Why A Hobby Farm?
A hobby farm is a small farm you work on and earn a little income from. It is usually meant to supplement the income from a job off the farm. Sometimes hobby farms turn into the main source of income due to job loss, retirement, or just for the joy of it. People often find themselves wanting to spend more time on the farm, and increase their animals and/or crops so they are able to earn a full time income. If the children are involved, it makes it a more rewarding experience. Often it is the grandchildren who enjoy it the most. I know how much I enjoyed going to my grandparent's farm when I was little...they had more variety of animals than we did. We had cows and chickens...they had goats, sheep, ducks, rabbits, chickens, cow and horses.
Along with the variety of animals, hobby farmers often incorporate gardens and U-pick orchards into their plan. It can be a very lucrative business if managed properly. A U-pick can generate thousands of dollars in revenue over the summer, and need not take up a lot of space. An acre or two has the potential to produce many bushels of fruits and vegetables, if it is set up properly. A small greenhouse could lead to several hundred bedding plants plus a few dozen tomato plants. It won't take long for word to get out you have quality vegetables and flowers for sale.
The hobby farmer has control over the decisions made, but the livestock commission has rules and regulations regarding tagging, tracking and transporting livestock. Due to things like BSE, some rules regarding bovines and other animals are more strict than they used to be. This is not meant to discourage the farmer...the standards are set in place to protect the buyer, the seller and the consumer.
Some hobby farmers enjoy such a variety of animals, they set up petting zoos on their property. This in itself can be very rewarding, as they are able to have a larger variety of animals. The thing to keep in mind with this is to have good liability insurance, and be sure all customers sign a waiver upon entry of the animal area. This is to protect you in case of an accident involving them and one of your animals. Also, if you have a customer base coming to your farm, post signs warning of possible dangers, and stating they enter at their own risk.
The first thing you will need if you want to have a hobby farm is a parcel of land. This could be anywhere from an acre up, but ideally you will want at least 10 acres. This gives you the space to expand a bit if you only start with a few animals. Plus, it gives you a few acres for hay, and an acre or so for a garden. The next thing you'll need to decide is if you want to buy an acreage that has already been established, or if you want to start from scratch.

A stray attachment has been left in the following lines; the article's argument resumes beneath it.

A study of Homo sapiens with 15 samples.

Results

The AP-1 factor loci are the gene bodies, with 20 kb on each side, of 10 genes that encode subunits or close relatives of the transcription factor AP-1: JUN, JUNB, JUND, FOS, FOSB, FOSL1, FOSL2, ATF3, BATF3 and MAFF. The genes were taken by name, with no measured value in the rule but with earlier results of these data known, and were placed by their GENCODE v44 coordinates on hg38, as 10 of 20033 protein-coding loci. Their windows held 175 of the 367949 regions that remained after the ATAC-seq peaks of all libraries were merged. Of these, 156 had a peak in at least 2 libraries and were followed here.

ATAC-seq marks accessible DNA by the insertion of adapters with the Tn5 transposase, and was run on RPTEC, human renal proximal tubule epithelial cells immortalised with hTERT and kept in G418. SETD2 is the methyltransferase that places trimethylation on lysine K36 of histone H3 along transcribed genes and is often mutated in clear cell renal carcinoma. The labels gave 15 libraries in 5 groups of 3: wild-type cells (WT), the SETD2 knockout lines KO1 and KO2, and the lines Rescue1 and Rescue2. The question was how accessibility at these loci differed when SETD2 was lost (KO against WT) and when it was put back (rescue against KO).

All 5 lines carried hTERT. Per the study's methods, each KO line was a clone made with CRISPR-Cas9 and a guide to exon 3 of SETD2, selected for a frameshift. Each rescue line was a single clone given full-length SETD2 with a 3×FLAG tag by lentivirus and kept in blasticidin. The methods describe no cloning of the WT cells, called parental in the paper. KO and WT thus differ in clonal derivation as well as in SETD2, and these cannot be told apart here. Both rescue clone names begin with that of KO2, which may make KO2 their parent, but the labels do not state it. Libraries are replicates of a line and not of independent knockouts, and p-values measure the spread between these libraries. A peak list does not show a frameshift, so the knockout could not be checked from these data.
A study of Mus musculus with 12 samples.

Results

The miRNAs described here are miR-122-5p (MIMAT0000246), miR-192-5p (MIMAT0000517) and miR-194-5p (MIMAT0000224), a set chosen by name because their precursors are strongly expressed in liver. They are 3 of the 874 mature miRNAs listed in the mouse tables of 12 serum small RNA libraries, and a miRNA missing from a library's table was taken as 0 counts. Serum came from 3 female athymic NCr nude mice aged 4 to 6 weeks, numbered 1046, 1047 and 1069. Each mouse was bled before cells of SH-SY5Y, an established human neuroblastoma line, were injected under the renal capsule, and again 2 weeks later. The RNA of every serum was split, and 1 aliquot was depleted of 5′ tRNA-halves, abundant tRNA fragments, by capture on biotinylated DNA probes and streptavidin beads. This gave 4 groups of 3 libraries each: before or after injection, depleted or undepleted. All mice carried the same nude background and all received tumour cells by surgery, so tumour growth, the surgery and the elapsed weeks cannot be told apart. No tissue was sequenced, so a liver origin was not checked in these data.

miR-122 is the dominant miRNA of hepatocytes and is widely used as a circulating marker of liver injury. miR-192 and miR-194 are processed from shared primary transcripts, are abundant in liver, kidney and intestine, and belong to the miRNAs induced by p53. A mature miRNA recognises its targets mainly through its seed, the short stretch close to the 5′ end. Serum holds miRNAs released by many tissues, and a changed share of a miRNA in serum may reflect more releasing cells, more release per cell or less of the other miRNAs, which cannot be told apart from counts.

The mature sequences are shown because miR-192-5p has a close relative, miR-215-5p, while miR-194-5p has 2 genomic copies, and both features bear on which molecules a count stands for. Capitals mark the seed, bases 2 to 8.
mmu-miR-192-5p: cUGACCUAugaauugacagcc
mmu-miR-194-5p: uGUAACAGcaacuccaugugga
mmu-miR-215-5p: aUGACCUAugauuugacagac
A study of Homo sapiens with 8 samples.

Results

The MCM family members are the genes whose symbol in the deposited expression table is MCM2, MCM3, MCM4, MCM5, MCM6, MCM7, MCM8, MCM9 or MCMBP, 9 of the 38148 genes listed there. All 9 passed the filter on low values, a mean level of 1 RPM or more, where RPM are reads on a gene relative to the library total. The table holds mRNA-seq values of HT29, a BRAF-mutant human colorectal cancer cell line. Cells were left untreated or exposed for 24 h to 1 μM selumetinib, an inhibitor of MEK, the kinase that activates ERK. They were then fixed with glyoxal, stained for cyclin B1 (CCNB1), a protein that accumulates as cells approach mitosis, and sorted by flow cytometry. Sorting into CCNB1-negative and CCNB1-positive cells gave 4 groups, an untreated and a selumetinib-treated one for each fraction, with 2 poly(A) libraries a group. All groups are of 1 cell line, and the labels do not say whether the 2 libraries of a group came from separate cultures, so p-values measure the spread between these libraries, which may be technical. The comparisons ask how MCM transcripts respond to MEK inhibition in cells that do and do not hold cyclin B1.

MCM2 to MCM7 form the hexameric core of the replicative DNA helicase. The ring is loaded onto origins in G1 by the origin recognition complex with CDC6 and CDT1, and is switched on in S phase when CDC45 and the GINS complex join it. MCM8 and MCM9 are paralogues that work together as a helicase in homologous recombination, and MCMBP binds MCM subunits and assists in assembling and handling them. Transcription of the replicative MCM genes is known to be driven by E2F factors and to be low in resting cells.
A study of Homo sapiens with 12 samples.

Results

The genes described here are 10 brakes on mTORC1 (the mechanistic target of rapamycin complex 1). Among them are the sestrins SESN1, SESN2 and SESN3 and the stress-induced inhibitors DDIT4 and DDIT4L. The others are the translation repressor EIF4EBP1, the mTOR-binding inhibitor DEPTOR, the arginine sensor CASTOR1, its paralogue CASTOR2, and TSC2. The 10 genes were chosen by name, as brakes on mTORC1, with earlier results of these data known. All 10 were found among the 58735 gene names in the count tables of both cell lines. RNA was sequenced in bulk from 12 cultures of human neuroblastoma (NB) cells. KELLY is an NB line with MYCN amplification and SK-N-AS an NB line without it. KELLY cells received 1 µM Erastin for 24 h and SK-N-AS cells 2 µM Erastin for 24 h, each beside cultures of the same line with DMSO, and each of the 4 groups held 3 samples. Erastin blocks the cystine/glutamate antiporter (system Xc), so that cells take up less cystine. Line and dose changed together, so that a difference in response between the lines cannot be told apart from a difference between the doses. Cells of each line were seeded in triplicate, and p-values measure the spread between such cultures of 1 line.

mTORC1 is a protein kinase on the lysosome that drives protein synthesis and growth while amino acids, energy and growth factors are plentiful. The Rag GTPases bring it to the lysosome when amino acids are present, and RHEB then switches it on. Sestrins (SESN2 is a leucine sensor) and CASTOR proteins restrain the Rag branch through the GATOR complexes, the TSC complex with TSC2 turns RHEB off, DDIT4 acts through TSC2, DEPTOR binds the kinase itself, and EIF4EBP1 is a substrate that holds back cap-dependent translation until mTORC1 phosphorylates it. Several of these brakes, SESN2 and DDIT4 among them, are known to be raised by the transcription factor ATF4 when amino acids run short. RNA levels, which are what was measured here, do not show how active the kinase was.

If you're needing to buy an acreage, and want established, look for one with watering systems in place, or at least a water source close to the animals. Carrying buckets full from your house can be a bit tiresome...especially when the wind is howling and the wind chill is -40 or colder. I know firsthand, because we have been doing it this winter. I am thankful we only have two head to feed and water...there will definitely be some modifications made before next winter.
If you have the resources, and are fairly handy, purchasing pasture land and developing it is also an option. Put your home and front yard on an acre or two, and develop the rest. Add your fences for paddocks, a small barn, and a garden area, and you will be set. Depending on the number of animals, and type, you will have to determine how much area you want for a hay field. I would suggest obtaining a quarter section if possible...you can always rent out the land you're not using. You will then have the option of expanding as the years go on.
We have two head of cattle this winter, and have gone through one round bale in two months. They are also being fed milled grain and pellets as a supplement, so their hay consumption is lower than if they weren't getting supplements. We have approximately 30 acres, and about 10 of it is unusable due to a ravine and no proper fencing. We will be adding some fences this summer as well, so we can let the cattle graze in more area.
Ideally, I want alpacas, as they are easier to handle than cattle. Plus, being the crafter that I am, I am looking forward to crocheting toques and scarves made from alpaca yarn. They are also very valuable animals, and do not require the space and amount of feed cattle do. I am also not opposed to chickens for eggs and roasting, or pigs for pork chops. A steer or two will also be a good thing, as our freezer will always be full then.
Hobby farmers usually grow crops and raise animals for their own use first, then expand to market the extras. I know I have barely touched the surface on hobby farming, as I have my own research to do as well. As my experiences with it arise, I will be sure to add to this hub, and publish more as well.
I was in the bookstore today, and happened to come across a book regarding Urban Farming. I did not give it much thought, but when I came across a magazine in Walmart with a similar name, I decided to buy it. It is called Urban Farm - Sustainable City Living, and is from Hobby Farms Magazine. I have not read through it as of yet, but it appears to cover gardening, composting, raising chickens, vermiculture, wind and solar power. Perhaps a review of the magazine will be in order for Hub #6 of my 30 Hubs in 30 Days Challenge.